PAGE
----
Caught between cultures, immigrant families from a Bengali neighbourhood in Toronto strive to navigate their home, relationships, and happiness.
Set in both Canada and Bangladesh, the eight stories in Home of the Floating Lily follow the lives of everyday people as they navigate the complexities of migration, displacement, love, friendship, and familial conflict. A young woman moves to Toronto after getting married but soon discovers her husband is not who she believes him to be. A mother reconciles her heartbreak when her sons defy her expectations and choose their own paths in life. A lonely international student returns to Bangladesh and forms an unexpected bond with her domestic helper. A working-class woman, caught between her love for Bangladesh and her determination to raise her daughter in Canada, makes a life-altering decision after a dark secret from the past is revealed.
In each of the stories, characters embark on difficult journeys in search of love, dignity, and a sense of belonging.
Silmy Abdullah is a Bangladeshi-Canadian author and lawyer. Her legal practice focuses on the intersection of immigration, poverty, and gender-based violence. Silmy writes both fiction and non-fiction, and Home of the Floating Lily is her debut collection. She lives in Toronto.
Moving through lives, time, locations, and love, Silmy Abdullah crafts and holds the kind of narrative that welcomes you in and then changes your understanding forever. Home of the Floating Lily is as cutting as it is gentle, as familiar as it is new, and beautiful all the way through. It's the kind of book that gets passed from one reader to the next and held dear at the same time. A remarkable debut from an incredible writer who holds intricate threads of voice and circumstance and weaves gorgeous story with each and every one.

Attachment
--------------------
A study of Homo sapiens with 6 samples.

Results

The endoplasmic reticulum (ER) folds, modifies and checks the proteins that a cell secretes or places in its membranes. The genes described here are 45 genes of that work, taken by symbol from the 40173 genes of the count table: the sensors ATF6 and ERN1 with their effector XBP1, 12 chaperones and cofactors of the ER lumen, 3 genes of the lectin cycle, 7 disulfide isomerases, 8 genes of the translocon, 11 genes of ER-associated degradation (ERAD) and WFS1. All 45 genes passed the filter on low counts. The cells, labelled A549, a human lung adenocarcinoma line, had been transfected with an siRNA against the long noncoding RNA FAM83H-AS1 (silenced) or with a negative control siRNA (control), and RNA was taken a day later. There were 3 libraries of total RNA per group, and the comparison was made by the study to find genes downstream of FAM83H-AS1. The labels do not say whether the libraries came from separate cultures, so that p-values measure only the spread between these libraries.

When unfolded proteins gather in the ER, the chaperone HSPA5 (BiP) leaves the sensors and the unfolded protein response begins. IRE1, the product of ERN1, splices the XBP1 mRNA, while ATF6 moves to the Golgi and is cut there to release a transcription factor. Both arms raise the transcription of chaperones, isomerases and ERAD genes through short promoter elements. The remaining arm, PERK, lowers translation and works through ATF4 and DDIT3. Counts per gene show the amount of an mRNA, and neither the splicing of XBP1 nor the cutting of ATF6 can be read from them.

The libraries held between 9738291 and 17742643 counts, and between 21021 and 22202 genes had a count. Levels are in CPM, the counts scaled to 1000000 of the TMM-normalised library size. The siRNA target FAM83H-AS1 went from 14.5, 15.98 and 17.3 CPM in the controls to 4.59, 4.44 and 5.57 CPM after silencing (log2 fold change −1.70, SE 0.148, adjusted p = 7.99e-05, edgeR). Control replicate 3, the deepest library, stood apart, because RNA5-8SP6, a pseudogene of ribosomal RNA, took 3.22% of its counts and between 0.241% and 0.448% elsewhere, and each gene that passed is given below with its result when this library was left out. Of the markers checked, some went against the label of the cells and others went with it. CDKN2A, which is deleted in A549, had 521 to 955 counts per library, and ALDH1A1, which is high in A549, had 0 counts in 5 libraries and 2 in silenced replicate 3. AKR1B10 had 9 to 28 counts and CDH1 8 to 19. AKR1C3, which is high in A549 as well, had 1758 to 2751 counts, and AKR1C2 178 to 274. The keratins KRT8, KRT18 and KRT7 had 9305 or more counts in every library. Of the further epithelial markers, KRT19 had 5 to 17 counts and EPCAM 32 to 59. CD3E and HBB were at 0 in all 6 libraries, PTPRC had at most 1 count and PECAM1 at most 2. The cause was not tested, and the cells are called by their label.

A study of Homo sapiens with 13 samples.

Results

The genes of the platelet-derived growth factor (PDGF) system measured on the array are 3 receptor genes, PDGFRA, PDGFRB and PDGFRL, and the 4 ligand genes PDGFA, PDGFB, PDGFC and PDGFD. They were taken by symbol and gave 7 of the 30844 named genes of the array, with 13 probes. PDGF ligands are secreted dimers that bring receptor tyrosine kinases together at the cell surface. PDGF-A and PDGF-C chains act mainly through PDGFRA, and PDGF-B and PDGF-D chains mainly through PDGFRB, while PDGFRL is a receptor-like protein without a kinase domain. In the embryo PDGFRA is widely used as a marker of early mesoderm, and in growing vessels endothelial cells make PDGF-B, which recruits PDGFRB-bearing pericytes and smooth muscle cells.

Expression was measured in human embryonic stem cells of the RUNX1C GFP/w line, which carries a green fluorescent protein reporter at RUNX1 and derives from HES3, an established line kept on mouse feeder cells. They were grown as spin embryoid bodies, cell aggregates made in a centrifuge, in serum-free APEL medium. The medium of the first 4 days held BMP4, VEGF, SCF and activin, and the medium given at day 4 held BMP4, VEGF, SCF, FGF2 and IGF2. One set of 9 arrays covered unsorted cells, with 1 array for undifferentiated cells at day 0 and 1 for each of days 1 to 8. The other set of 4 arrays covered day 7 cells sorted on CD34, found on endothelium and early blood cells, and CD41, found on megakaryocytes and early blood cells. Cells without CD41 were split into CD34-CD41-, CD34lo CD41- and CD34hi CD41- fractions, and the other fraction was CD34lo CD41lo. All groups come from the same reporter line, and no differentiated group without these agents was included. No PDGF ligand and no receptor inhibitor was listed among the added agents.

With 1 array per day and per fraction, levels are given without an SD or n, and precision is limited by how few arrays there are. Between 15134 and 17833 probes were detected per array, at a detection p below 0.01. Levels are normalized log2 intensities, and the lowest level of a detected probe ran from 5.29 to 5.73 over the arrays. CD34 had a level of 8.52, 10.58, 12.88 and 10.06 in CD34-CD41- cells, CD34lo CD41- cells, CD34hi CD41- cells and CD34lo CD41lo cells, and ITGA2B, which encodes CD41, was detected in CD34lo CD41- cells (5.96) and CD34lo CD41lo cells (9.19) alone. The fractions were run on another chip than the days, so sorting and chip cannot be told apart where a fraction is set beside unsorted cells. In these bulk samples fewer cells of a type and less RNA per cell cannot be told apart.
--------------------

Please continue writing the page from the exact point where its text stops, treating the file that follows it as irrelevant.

In beautifully descriptive prose, Home of the Floating Lily is an evocative debut that explores family, culture, tradition, and love in places that simultaneously promise opportunity and struggle.
Abdullah uses displacement and migration to reveal experiences that are at once unique to Bangladeshi Canadians but also part of a shared human experience.
Home of the Floating Lily by Silmy Abdullah offers an intimate, empathetic and important portrait of the lives of Bangladeshi immigrants in Toronto.
Home of the Floating Lily is an intimate examination of love and loss, duty and freedom, of family and friendship. Follow the silken thread running through Silmy Abdullah's illuminating stories. She will remind you of what it truly means to be a daughter, a sister, a son, a brother, a parent, or a friend. Her characters will speak to you of what it is to be young and to be old, of endings and beginnings. Each story is an exploration of our universal longing to be at home in this world and at home in our hearts. I am a better person for having read this wonderful book.
Abdullah writes with poignancy and subtlety about her characters' self-discovery as they seek a sense of home amid turbulence and change. This is worth a look.